By JB Clark/NEMS Daily Journal
TUPELO – Joni Johnson volunteers to help women in violent relationships because two years ago she was a victim of dating violence.
In September of 2011, 33-year-old Johnson of Baldwyn packed her children and pets into a friend’s car and left Dallas for a new life in Mississippi, free of her abusive boyfriend.
“I was in a violent situation that I didn’t see coming and by the time I realized it, (my boyfriend) had cut me off from all of my friends and family,” Johnson said. “We got along great and moved in together and then all of a sudden he starting controlling everything I did – who I talked to and what I was wearing.”
Johnson said because she had separated herself from her friends and family at her boyfriend’s behest, and because he convinced her she was worthless, she didn’t know where to go.
Luckily, she kept in touch with one friend and that person came to the rescue.
“My friend and her mother got some money together and drove over to pick me up,” she said. “I’ve got kids. I had dogs. It’s like a whole family they had to take on when they took me.”
The friend’s mother volunteered at S.A.F.E. in Tupelo, and now Johnson does too.
S.A.F.E. is a shelter and resource center for victims of domestic violence and sexual assault.
“They told me about it and I wanted to be as much a part as I can because they do help people,” she said. “They’ve helped me to get my feet on the ground.”
More than two years later, Johnson is finishing her associate’s degree at Itawamba Community College and enrolled to start her bachelor’s in social work at the University of Mississippi.
“He told me I wasn’t worth anything – that I’m stupid,” she recalled of the abusive boyfriend. “And he had me believing it for a little bit, but I graduate in May and made the president’s list with five As. I’m anything but stupid.”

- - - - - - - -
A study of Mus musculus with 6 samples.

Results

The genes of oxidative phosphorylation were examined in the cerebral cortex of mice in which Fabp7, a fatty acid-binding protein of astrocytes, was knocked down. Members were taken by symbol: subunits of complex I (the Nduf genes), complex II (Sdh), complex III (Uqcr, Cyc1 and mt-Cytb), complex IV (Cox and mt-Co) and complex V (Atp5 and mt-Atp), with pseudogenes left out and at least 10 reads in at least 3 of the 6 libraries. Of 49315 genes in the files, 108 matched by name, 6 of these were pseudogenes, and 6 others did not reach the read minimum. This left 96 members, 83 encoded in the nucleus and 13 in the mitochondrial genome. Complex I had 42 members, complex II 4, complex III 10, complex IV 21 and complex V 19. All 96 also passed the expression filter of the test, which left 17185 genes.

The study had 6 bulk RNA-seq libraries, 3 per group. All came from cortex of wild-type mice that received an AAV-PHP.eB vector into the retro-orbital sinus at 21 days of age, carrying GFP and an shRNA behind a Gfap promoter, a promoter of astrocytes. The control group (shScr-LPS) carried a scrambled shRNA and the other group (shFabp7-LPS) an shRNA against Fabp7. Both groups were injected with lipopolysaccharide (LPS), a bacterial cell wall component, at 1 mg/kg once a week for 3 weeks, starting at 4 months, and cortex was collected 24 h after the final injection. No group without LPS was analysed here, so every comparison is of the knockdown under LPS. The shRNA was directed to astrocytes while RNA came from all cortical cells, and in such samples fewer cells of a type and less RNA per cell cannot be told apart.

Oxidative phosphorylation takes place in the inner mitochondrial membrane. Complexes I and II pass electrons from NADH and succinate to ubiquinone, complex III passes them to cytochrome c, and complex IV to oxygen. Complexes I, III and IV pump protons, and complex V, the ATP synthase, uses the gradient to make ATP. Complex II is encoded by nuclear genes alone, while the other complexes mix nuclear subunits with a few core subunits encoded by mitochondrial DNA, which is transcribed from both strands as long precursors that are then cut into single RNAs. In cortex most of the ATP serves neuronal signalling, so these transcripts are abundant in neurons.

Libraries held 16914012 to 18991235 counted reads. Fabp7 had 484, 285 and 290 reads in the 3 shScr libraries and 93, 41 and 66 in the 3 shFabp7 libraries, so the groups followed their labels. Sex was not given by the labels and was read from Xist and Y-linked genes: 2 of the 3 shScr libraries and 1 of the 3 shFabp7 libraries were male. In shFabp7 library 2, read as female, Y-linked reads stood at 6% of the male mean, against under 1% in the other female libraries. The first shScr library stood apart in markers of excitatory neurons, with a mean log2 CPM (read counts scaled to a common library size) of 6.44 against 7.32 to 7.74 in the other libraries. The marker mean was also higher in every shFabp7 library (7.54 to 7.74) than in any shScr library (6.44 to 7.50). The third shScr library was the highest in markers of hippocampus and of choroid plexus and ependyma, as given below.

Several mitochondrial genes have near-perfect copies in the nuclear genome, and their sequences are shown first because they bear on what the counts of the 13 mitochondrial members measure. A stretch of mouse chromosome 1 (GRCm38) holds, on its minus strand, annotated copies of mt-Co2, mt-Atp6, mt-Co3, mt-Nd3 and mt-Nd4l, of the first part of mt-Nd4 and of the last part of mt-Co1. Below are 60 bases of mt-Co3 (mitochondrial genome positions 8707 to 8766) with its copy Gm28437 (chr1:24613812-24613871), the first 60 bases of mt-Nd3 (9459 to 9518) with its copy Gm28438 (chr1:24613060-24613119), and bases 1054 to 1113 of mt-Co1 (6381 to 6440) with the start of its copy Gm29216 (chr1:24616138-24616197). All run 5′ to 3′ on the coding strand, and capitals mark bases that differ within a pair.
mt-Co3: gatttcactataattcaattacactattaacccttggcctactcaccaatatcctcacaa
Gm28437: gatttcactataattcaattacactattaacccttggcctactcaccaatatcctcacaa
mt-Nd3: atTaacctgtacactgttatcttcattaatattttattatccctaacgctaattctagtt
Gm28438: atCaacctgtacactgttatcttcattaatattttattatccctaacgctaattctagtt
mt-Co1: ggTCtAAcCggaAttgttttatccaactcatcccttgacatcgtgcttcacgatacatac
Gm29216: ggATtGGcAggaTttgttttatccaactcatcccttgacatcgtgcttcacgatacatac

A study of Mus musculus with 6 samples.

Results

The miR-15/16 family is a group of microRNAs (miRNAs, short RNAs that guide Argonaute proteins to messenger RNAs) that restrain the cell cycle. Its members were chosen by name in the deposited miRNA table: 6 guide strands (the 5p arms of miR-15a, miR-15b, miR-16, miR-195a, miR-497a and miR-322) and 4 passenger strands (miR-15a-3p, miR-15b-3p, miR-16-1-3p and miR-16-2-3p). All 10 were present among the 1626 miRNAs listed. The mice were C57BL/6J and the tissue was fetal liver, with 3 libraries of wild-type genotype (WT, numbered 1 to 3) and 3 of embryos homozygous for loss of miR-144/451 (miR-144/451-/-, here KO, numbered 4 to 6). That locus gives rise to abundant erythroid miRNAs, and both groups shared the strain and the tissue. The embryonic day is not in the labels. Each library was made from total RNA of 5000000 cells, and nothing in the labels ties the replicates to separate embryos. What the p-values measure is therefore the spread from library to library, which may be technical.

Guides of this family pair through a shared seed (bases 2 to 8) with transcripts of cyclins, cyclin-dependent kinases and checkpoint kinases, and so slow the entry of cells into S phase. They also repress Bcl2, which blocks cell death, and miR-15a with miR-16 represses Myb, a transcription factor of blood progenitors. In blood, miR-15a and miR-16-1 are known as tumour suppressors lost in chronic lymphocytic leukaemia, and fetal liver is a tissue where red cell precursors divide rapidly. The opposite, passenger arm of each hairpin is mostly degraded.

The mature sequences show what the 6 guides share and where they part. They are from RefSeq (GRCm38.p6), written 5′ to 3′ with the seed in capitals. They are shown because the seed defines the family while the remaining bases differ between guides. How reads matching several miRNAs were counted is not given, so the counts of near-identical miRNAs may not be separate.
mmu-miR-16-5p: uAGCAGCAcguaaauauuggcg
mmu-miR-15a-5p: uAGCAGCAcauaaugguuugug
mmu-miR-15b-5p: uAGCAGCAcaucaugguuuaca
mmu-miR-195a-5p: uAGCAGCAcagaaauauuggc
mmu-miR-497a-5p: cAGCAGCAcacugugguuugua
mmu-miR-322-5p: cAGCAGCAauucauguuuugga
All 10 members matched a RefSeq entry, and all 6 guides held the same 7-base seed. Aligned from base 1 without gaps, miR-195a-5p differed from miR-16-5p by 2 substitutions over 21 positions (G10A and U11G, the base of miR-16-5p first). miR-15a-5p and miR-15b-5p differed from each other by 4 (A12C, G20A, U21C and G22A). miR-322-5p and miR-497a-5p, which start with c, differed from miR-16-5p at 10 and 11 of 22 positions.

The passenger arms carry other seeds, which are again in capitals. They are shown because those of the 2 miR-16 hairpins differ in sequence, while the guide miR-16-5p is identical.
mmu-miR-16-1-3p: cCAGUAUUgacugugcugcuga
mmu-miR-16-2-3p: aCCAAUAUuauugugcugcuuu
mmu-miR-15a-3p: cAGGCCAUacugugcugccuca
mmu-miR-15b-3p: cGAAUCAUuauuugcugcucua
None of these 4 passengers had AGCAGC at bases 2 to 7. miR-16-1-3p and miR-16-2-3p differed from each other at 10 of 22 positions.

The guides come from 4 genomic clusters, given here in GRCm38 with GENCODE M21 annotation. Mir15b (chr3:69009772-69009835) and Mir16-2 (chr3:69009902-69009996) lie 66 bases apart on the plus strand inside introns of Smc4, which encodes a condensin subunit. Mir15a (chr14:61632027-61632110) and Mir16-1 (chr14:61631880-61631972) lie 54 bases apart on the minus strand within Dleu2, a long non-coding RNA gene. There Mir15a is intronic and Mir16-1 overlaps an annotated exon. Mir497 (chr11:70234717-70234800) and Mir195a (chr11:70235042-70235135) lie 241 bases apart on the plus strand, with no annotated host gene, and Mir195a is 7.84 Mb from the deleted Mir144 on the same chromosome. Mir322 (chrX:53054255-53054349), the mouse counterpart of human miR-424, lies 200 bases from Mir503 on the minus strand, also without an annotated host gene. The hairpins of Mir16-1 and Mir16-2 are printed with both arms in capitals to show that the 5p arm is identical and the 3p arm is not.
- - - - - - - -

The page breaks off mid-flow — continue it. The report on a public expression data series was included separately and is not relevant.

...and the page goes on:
Johnson said dating violence and domestic violence are hard to talk about because victims often feel foolish for letting themselves be victims.
The abuse started slowly and happened over time until she felt trapped, Johnson said.
“It’s easy to see all the signs when you look back on it but not when it’s happening,” she said.
Now, she’s helping to organize the Silence Hides Violence 5k race to raise money for S.A.F.E. and promote dating abuse awareness.
What is dating violence?
Almost 1.5 million high school students in America experience physical abuse from the person they are dating each year, according to LoveIsRespect.org. In adolescents, 1 in 3 is a victim of physical, sexual, emotional or verbal abuse from the person they’re dating.
Of all teens in a violent relationship, only 33 percent will report it.
Amelia Parkes, community educator for S.A.F.E., said 10 of the most common sign of abuse from a dating partner are:
• Checking your cellphone or email without permission.
• Constantly putting you down.
• Extreme jealousy or insecurity.
• Explosive temper.
• Isolating you from family or friends.
• Making false accusations.
• Mood swings.
• Physically hurting you in any way.
• Telling you what to do.
Anyone who needs help leaving an abuser can call S.A.F.E.’s 24-hour hotline at (800)527-7233.